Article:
India has been ranked as a “Tier II Watch List” country – only one level better than worst-performing Tier III countries such as Saudi Arabia and Zimbabwe – in the 2010 Trafficking in Persons Report (TIP) compiled by the State Department.

Given the definition of Tier II Watch List in the TIP, this implies that India ranks among those countries whose governments “do not fully comply with the Trafficking Victims Protection Act’s (TVPA) minimum standards, but are making significant efforts to bring themselves into compliance with those standards.”

Additionally, one of the three following conditions was found in India: first, that the absolute number of victims of severe forms of trafficking was very significant or was significantly increasing; second, that there was a failure to provide evidence of increasing efforts to combat severe forms of trafficking in persons from the previous year; or, third, that the determination that India was making significant efforts to bring themselves into compliance with minimum standards was based on commitments by India itself, to take additional future steps over the next year.

In terms of the definition of trafficking under the TVPA, a person may be a trafficking victim “regardless of whether they once consented, participated in a crime as a direct result of being trafficked, were transported into the exploitative situation, or were simply born into a state of servitude.”

The TIP adds that at the heart of this phenomenon are the myriad forms of enslavement including forced labour, sex trafficking, bonded labour debt bondage among migrant labourers, involuntary domestic servitude, forced child labour, child soldiers and child sex trafficking.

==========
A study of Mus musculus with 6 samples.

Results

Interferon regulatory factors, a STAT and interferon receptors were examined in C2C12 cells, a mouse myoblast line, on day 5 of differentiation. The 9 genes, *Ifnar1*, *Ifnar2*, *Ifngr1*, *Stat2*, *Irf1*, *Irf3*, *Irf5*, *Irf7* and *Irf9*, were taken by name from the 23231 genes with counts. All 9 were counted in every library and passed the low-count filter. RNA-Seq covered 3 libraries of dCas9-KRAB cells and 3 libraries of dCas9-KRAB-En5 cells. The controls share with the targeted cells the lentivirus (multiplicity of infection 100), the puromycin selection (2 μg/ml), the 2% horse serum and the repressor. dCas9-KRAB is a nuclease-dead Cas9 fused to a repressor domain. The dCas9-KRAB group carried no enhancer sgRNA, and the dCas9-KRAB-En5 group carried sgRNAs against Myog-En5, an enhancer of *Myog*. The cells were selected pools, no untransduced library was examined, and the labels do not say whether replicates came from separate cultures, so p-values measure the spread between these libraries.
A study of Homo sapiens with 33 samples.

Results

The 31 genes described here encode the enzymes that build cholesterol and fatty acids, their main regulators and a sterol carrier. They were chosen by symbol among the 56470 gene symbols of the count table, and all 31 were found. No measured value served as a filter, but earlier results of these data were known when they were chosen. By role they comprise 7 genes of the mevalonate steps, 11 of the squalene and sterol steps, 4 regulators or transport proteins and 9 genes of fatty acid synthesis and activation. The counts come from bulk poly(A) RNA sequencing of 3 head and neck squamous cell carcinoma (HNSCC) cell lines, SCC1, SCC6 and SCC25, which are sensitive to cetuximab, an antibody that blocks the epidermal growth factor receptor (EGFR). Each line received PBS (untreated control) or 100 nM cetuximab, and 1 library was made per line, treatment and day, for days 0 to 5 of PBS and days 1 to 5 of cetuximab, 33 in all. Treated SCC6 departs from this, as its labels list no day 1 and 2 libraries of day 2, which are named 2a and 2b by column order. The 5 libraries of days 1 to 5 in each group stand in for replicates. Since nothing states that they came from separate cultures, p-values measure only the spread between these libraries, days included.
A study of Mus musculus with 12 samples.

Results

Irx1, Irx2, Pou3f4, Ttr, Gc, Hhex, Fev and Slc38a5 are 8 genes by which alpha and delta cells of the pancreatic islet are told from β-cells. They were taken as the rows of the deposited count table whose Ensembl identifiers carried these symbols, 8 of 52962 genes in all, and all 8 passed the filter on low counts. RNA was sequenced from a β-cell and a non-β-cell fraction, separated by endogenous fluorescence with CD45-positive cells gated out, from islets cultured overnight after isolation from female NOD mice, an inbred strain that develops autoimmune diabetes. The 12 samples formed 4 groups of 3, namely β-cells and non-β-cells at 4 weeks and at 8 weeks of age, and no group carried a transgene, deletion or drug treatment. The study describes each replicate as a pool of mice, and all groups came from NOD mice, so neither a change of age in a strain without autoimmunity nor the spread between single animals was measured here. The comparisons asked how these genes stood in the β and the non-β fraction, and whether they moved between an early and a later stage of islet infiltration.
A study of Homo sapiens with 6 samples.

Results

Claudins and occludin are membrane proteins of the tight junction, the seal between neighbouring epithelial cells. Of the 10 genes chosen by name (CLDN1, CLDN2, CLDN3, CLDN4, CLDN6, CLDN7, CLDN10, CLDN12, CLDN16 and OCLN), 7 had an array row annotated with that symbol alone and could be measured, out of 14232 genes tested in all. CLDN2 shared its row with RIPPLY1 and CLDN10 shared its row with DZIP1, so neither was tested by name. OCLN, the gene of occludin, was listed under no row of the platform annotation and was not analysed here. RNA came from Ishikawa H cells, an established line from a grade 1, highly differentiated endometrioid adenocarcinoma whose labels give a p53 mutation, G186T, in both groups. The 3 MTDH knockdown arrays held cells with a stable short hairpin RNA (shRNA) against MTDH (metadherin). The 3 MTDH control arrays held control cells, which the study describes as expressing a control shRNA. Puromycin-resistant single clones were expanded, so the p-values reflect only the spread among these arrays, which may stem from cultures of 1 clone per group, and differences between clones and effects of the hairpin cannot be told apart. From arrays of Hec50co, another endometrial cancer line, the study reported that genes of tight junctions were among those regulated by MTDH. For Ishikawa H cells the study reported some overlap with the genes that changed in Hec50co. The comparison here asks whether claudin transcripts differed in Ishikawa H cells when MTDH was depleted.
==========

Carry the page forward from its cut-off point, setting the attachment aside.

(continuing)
While most of South Asia ranks along with India as a Tier II Watch List country, Pakistan is notably ranked as Tier II – one level better than India. Thus while Pakistan’s government did not fully comply with the TVPA’s minimum standards, it was making significant efforts to bring itself into compliance with those standards – with none of the three additional conditions found in the case of India applicable to Pakistan.

Most developed countries, but even some developing countries such as Colombia and Nigeria, were ranked as Tier I countries in the TIP, that is countries whose governments fully complied with the TVPA’s minimum standards.

Commenting further on the case of India, the TIP noted that the Government of India “does not fully comply with the minimum standards for the elimination of trafficking; however, it is making significant efforts to do so, particularly with regard to the law enforcement response to sex trafficking.”

Yet, the TIP argues, the Indian government did not demonstrate sufficient progress in its law enforcement, protection, or prevention efforts to address labour trafficking, particularly bonded labour. “Therefore India is placed on Tier 2 Watch List for the seventh consecutive year,” the report said.

The TIP also noted that there were few criminal convictions of forced labour during the reporting period and police raids of brick kilns, rice mills, factories, brothels, and other places of human trafficking were usually prompted by NGO activists, as were efforts to provide rehabilitation and protective services to the victims removed from human trafficking.

Further, national and state government anti-trafficking infrastructure, and the implementation of the Bonded Labour (System) Abolition Act (BLSA), “remained weak,” the TIP observed, and the number of government shelters increased but some continued to be of poor quality. Some public officials’ complicity in trafficking remained a major problem, the report noted.